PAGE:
On April 10, 2019, President Trump issued an Executive Order revising the process for developing and issuing Presidential permits covering the construction, connection and operation of oil and gas pipelines, bridges and other infrastructure crossing U.S. borders into neighboring countries. The President took this action in response to what his administration has viewed as unnecessary process delays in granting permits for trans-national pipelines such as the Keystone XL Pipeline.
The new Executive Order transfers the authority for granting Presidential permits for such facilities from the State Department to the President, revoking the process laid out in a George W. Bush-era Executive Order, E.O. 13,337 (April 30, 2004). The State Department will receive and process all such permit applications, but will be limited to an advisory role only. It must process all such applications within 60 days, and will no longer be able to consult directly with other interested federal agencies. (Instead, it may only recommend that the office of the President seek any such consultations.) The State Department will be able to consult directly with interested state, tribal or local governments, but only within a truncated 30-day timeframe.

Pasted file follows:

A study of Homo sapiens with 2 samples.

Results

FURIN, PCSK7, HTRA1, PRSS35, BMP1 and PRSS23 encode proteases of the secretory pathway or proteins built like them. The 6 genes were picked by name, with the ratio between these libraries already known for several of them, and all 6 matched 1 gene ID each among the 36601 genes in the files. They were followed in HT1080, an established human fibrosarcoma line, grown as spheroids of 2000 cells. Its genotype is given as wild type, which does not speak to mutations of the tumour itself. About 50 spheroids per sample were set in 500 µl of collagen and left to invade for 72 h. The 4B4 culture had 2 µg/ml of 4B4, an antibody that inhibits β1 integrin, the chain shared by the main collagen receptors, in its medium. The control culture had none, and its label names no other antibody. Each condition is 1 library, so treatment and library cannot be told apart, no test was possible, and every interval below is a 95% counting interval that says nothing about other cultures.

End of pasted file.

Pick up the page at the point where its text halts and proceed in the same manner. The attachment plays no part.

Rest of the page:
The Executive Order is an attempt to shorten and circumvent the lengthy, considered State Department process for granting or denying Presidential permits, which delayed and ultimately derailed the Keystone XL Pipeline under President Obama. Keystone XL's developers applied for a Presidential permit to cross the border into Canada in 2008. It took three years for the State Department, in consultation with the EPA, to issue an environmental impact statement (EIS) for the permitting decision, as required for all major federal actions by the National Environmental Protection Act (NEPA). Even then, deliberations continued, and no final decision was made until November 2015, when Secretary of State Kerry determined that issuing a permit for the pipeline was not in the public interest. Once in office, in March 2017, President Trump attempted to issue the permit, but in November 2018 was blocked in doing so by a federal judge who ruled that he had improperly relied on an outdated EIS to do so.
Rather than wait for the appeals process to run its course, President Trump has since "revoked" that invalidated permit, and issued a new permit allowing Keystone XL to cross the border into Canada at another location. Both the new permit, and this new Executive Order, will certainly be subject to immediate court challenge.